Is Germany's migrant crisis over? One city put to the test
"Oberhausen is my home now," says Khaled Kohestani. "A lot of things have happened since I arrived here two years ago."
Khaled, 24, first spoke to the BBC 16 months ago. Everything in Germany was new to him. He was scared of getting on the bus. "Everybody is so quiet, no one speaks or say hello, I'm scared of doing something illegal, we don't know the rules and we can't speak to anyone."
Khaled is not scared anymore. We meet him in a metal workshop, where he's grinding and polishing iron doors and garden tables, sending sparks flying. "Things are much easier today, mainly because I speak German now, nothing really is a problem because I understand what people say."
Khaled is an exception. Out of the 1,902 asylum seekers living in Oberhausen, North Rhine-Westphalia, only 42 are, like him, employed or doing an apprenticeship.
But that is no guarantee that he'll be allowed to stay. In January this year, his asylum application was rejected by the German authorities. Khaled and his lawyer have appealed against the decision but Afghanistan is considered a safe country and Khaled and his family could be deported if the appeal is rejected.
No more fights
Two years on from the big influx of migrants and refugees into Germany, things have calmed down and reception centres are operating below their full capacity.
A man in his forties selling curry-wurst for a couple of euros in a small food market on the edge of Oberhausen says when the migrants started coming to Germany there was a lot of noise about what might happen. But for him the city has not really changed in that time, and it does not feel as if there are more foreigners than before.
"The small protests against migrants and refugees have also have stopped. They used to be massively outnumbered by pro-migrant demonstrators anyway," he points out.
On Duisburg street, a Turkish artist paints a wall with a dozen children living at a refugee centre. They are colouring jolly characters that seem to come out of a comic book.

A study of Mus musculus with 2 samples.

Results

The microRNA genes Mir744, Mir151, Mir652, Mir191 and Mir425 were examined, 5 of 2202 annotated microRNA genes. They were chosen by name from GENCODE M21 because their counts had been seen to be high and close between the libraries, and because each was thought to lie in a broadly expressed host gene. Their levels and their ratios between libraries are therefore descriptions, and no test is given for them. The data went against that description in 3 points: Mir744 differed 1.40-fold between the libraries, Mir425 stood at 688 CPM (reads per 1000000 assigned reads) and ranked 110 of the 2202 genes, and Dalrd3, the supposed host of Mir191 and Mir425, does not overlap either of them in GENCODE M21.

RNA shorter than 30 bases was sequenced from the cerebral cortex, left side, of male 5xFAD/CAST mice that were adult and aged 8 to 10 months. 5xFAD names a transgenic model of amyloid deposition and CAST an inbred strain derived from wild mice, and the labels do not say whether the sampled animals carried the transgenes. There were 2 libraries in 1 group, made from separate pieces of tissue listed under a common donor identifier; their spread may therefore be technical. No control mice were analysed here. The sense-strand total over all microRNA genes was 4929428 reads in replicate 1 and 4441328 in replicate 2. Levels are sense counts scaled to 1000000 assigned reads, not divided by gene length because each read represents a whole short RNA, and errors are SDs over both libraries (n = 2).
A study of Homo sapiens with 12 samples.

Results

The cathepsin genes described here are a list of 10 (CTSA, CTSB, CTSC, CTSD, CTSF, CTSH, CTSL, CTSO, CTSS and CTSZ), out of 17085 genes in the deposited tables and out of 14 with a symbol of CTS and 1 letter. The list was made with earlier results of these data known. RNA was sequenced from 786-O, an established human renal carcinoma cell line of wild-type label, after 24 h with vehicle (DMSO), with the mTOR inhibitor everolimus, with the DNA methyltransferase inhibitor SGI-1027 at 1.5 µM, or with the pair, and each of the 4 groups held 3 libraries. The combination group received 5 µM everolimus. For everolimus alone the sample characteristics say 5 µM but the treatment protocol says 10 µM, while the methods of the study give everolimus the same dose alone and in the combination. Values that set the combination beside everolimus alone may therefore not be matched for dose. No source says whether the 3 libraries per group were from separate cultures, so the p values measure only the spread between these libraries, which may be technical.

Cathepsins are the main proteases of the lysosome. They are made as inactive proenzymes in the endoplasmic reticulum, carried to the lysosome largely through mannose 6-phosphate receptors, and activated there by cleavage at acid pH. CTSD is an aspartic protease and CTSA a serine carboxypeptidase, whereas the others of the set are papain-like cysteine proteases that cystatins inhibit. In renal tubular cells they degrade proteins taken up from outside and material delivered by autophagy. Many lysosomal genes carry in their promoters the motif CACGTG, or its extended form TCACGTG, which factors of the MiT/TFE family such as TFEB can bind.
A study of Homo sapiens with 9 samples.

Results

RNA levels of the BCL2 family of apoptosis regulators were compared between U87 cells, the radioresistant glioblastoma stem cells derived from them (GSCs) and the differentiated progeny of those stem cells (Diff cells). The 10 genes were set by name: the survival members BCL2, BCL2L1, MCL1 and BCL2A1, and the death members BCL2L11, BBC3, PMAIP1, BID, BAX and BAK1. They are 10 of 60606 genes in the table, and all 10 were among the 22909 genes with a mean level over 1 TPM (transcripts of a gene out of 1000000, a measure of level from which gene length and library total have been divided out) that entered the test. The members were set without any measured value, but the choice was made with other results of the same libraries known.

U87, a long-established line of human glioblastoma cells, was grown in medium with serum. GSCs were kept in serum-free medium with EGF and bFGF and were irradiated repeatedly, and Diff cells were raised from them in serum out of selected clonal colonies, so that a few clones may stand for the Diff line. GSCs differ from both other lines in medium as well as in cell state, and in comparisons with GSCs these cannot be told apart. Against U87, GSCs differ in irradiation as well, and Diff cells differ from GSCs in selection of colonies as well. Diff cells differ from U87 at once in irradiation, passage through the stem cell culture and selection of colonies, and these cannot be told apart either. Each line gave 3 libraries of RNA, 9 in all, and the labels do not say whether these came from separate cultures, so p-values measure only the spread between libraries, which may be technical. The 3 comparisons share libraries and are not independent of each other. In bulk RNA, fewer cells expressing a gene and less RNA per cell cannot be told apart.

Election posters everywhere
Germany is nearing the climax of its general election campaign, but immigration is no longer the hot national issue it once was.
"The situation is now much calmer for everybody and I don't think that the refugee crisis of 2015 will have an impact," says Joerg Fischer from the German Red Cross, who was on the front line in 2015 when emergency camps had to be opened to accommodate everybody.
"If the elections had taken place 18 months ago it would clearly have benefited the far right but two years ago Angela Merkel said 'Wir schaffen das' - we will do this - and indeed we did it."
"Oberhausen has received more migrants and refugees than any other region. We'll probably start receiving more people in the autumn again so we are using this time to start integration programmes, we now have a football team, cooking classes for men and empowerment classes for women as well as art workshop for the kids."
On the high street in central Oberhausen elections posters are everywhere, but to the newcomers the election campaign is barely noticeable.
"It's so quiet," says Osmane, a 20-year-old from Guinea. "It doesn't look like its elections time here. In Africa it's chaos during electoral campaigns, you can get mugged for no reason. It is peaceful here, I like it."
With just over two weeks to go before the vote, the anti-immigrant party Alternative for Germany (AfD) is expected to enter the federal parliament for the first time.
Threat of deportation
Whoever wins the federal election will make little difference to Khaled's future in Oberhausen. He says his life is in Germany now rather than Afghanistan and vows to do everything he can to stay. "My son goes to the kindergarten, my wife is learning German and I've got a job."
deported from Oberhausen
left voluntarily from Oberhausen
12,500 deported from Germany nation-wide
9% down compared to 2016
4.4% of asylum applicants in North Rhine-Westphalia were deported
"German people are always on time everywhere so I try to be punctual, I want my boss to be satisfied with me." And for now that seems to work.
"His German still needs to improve but he's doing well and he is a reliable worker," says Frank Kalutza, who gave him his first job.
The decision for now is out of Khaled's hands and could take several more months. "I don't want to leave, there is nothing in Afghanistan for me."